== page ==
Al Simmons

Focus Stack with the Phase One XF

There are many benefits to shooting with the Phase One XF Camera System, with a series of features aimed at achieving the most optimal image quality possible. One of these features is Focus Stack, which has long been popular with product photographers, food photographers, and also has applications for landscape photography. It is not a new technique in itself, however, the fact that the XF can automate this (in conjunction with a Blue Ring Schneider Lens) means that the process is streamlined, optimized, and allows for much more precision.

One really exciting thing about the XF system is that, because it is firmware upgradeable, new features are continually being released by Phase One. Focus Stack is one of those features that users were able to update into their system. People often ask how you can justify the kind of price on this system, but it is this continually evolving ethos that I think most does it.

Why would you need to Focus Stack? When shooting on a medium format sensor, the depth of field at smaller apertures is much shallower than the equivalent on a 35mm. To counter this, you might have to stop down to f/22 to achieve the right depth of field, but this will not be using the sharpest part of the lens, so will lead to diffraction (soft focus). The sweet spot, which is between f/8 to f/11, may give a depth of field too shallow to keep every part of your subject in sharp focus, so by focus stacking, you can get all the detail you need, across the whole field of view without having to sacrifice critical sharpness.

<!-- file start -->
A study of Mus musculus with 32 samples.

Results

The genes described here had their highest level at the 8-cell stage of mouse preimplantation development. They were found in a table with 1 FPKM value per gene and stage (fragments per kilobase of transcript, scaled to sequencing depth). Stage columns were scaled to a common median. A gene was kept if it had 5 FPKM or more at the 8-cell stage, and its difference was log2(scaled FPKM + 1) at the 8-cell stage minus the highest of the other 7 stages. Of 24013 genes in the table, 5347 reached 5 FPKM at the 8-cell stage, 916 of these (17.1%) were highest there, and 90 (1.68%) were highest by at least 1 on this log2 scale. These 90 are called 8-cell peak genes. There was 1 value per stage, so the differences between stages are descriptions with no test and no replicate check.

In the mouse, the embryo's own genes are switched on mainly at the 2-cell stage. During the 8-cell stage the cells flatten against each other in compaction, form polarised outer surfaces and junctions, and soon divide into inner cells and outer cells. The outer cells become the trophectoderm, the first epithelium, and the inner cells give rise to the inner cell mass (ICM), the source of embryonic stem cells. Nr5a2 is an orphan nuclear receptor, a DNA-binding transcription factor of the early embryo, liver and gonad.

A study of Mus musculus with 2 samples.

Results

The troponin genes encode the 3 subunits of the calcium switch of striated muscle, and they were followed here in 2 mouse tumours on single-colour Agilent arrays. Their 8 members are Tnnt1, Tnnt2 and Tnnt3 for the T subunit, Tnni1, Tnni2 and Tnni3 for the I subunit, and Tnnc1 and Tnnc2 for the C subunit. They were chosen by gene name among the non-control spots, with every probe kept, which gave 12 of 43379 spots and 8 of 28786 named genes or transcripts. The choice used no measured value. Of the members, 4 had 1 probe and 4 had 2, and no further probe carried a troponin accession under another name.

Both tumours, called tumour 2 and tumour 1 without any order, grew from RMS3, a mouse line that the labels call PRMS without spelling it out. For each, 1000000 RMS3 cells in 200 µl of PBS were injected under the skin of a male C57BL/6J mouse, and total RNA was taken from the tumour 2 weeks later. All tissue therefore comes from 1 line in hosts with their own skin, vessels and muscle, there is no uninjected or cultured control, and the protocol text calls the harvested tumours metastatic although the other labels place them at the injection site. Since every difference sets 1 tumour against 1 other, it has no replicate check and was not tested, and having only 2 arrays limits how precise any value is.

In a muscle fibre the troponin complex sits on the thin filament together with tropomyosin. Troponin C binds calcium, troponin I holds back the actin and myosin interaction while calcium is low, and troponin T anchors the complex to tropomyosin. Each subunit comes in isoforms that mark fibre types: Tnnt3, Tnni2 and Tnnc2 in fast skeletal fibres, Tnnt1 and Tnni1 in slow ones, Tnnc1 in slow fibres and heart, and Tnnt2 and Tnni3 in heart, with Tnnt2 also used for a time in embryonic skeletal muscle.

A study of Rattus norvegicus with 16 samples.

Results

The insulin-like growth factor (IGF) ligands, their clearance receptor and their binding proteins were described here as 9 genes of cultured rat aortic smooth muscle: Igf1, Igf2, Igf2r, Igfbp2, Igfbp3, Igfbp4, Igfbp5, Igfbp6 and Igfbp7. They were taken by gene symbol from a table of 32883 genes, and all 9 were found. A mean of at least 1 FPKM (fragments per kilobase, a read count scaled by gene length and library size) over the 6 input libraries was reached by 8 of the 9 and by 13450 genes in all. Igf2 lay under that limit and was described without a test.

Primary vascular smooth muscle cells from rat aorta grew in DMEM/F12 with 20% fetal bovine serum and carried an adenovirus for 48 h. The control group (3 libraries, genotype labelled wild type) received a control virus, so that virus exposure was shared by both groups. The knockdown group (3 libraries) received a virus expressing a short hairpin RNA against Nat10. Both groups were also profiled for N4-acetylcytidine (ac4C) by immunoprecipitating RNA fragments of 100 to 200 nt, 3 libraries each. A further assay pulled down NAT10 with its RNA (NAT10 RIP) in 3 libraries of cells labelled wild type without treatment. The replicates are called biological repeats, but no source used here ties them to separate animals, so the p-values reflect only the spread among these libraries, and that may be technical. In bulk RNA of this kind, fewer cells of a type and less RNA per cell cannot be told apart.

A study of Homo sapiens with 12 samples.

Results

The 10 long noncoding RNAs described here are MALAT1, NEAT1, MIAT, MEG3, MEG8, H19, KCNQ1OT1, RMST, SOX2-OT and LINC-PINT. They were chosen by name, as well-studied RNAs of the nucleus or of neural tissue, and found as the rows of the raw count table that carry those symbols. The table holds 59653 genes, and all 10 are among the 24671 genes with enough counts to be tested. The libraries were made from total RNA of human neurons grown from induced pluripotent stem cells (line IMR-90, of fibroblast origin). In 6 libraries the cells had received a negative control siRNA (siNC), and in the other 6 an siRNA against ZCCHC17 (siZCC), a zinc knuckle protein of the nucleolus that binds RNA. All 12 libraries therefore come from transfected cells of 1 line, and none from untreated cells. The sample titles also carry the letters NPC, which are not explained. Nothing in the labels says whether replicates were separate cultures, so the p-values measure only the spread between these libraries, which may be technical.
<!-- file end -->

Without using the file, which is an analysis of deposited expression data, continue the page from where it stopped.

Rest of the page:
Usually, it would be a case of having to manually adjust the focus on the lens, and taking a series of shots across the whole focus range of the image. This achieves the same result, but is not a quick process.

With the XF, you input the close focus point and save it as a value, then input the far focus point and save it as a value, tell the camera how many captures you want (for smaller items you will need more, for a landscape you might only need 3 or 4). From there, you simply press the rear capture button and the process is dealt with automatically by the XF system. Once you have your shots in Capture One, you output your TIF files to Helicon Focus and in a matter of minutes you will have your stacked image ready to go!

For particular applications Focus Stacking is a huge time saver, so if you think it would benefit your work, get in touch with us and we can arrange a demo for you!